November 12, 2010, 7:48 pm Mergers & Acquisitions
The Acquisition of Tina Brown
By EVELYN M. RUSLI
The partnership of Newsweek and The Daily Beast may be billed as a simple 50-50 joint venture, but many agree that the real target for the struggling weekly magazine is Tina Brown.
Ms. Brown, the storied and well-coifed editor who has led brands like Vanity Fair and The New Yorker, will now tackle the unenviable task of stitching together the money-bleeding Daily Beast and the profusely bleeding Newsweek, to create a media organization that makes money. According to The Wall Street Journal, The Daily Beast Web site is on track to lose $10 million this year. Newsweek — which was bought for $1 by the 92-year-old stereo mogul Sidney Harman in August — is expected to lose $20 million.
Facing a $30 million hole and a magazine that has suffered a string of high-profile defections, it is no surprise that the merger was sealed with a clank of coffee mugs instead of a champagne toast, as Ms. Brown noted in her announcement of the deal on The Daily Beast.
It’s time for Ms. Brown to get to work.
“This is less a strategic business combination than a way to hire a very good editor for a property that desperately needs one,” said Jonathan Knee, a senior managing director of Evercore Partners and the author of “The Accidental Investment Banker: Inside The Decade That Transformed Wall Street.”
According to Mr. Knee, the deal was a pure talent acquisition that nicely echoes Vivendi’s 2001 purchase of USA Network’s entertainment assets from Barry Diller, the current owner of The Daily Beast through his IAC/InteractiveCorp. Under the Vivendi deal, Mr. Diller was made chief executive of Vivendi’s Universal Entertainment while remaining chief executive of USA Network.
Although Mr. Knee said there is legitimate value in Mr. Harman’s decision to merge the companies in order to bring on a powerful, creative voice, the merger lacks the obvious synergies he has seen in other media deals. In particular, Mr. Knee said the Newsweek-Daily Beast deal stands in stark contrast to Bloomberg’s 2009 acquisition of BusinessWeek, a deal he is very familiar with. His firm, Evercore, was hired by McGraw-Hill, BusinessWeek’s parent company at the time, to sell the unit.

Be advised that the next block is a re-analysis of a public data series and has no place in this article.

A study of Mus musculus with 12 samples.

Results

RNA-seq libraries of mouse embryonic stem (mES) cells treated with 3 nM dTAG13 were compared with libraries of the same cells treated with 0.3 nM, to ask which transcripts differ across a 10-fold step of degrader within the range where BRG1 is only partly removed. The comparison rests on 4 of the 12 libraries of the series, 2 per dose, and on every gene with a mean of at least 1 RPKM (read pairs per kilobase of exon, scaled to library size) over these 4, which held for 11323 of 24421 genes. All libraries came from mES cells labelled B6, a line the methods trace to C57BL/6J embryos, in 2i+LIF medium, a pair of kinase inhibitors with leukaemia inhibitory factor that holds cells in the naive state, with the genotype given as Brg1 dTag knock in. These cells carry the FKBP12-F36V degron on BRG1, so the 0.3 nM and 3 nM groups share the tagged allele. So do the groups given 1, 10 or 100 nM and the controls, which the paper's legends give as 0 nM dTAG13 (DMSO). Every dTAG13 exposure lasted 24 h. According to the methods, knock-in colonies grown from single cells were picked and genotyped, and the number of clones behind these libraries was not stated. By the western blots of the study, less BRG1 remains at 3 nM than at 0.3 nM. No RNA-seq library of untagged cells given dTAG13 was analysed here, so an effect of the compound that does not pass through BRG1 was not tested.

“There was obvious cost savings on the physical production and the distribution side,” Mr. Knee said. “Bloomberg had significant editorial assets for BusinessWeek. This deal doesn’t really have that.”
At Newsweek’s headquarters in Lower Manhattan, there are concerns that the merger will mean additional layoffs but there is a sense of optimism — or at least relief — according to some employees.
Newsweek’s co-managing editor, Dan Klaidman, said the mere addition of Ms. Brown’s name to the publication’s masthead should help resuscitate the brand. Though he also talked about the potential value of the overall Daily Beast property, the message was clear: In Tina Brown we trust.
“She brings a certain amount of ad pages just walking in the door as editor,” Mr. Klaidman said. “Tina Brown has enormous talent. Sshe can generate excitement.”
Roland DeSilva, a managing partner at DeSilva & Phillips (a firm that represented a failed bid for Newsweek earlier this year) agrees that Ms. Brown has the firepower to create a viable brand. She “will bring a fresh view for the editorial product and design, which is needed, because there’s been a great push-back by the reading audience,” he said. “It’s a very interesting combination with a dynamic editor.”
Still, whether that “interesting combination” will lead to sustainable profits remains a giant question mark. Ms. Brown is a master when it comes to courting attention and turning on the buzz machine, but as evidenced by The Daily Beast’s numbers, she has not proven her Midas touch on the Web site’s balance sheet.
“Neither of these properties right now is very large,” Mr. Knee said. “If the question is: By putting together two companies that aren’t very large and make no money, will it make money? There’s not a significant track record of that.”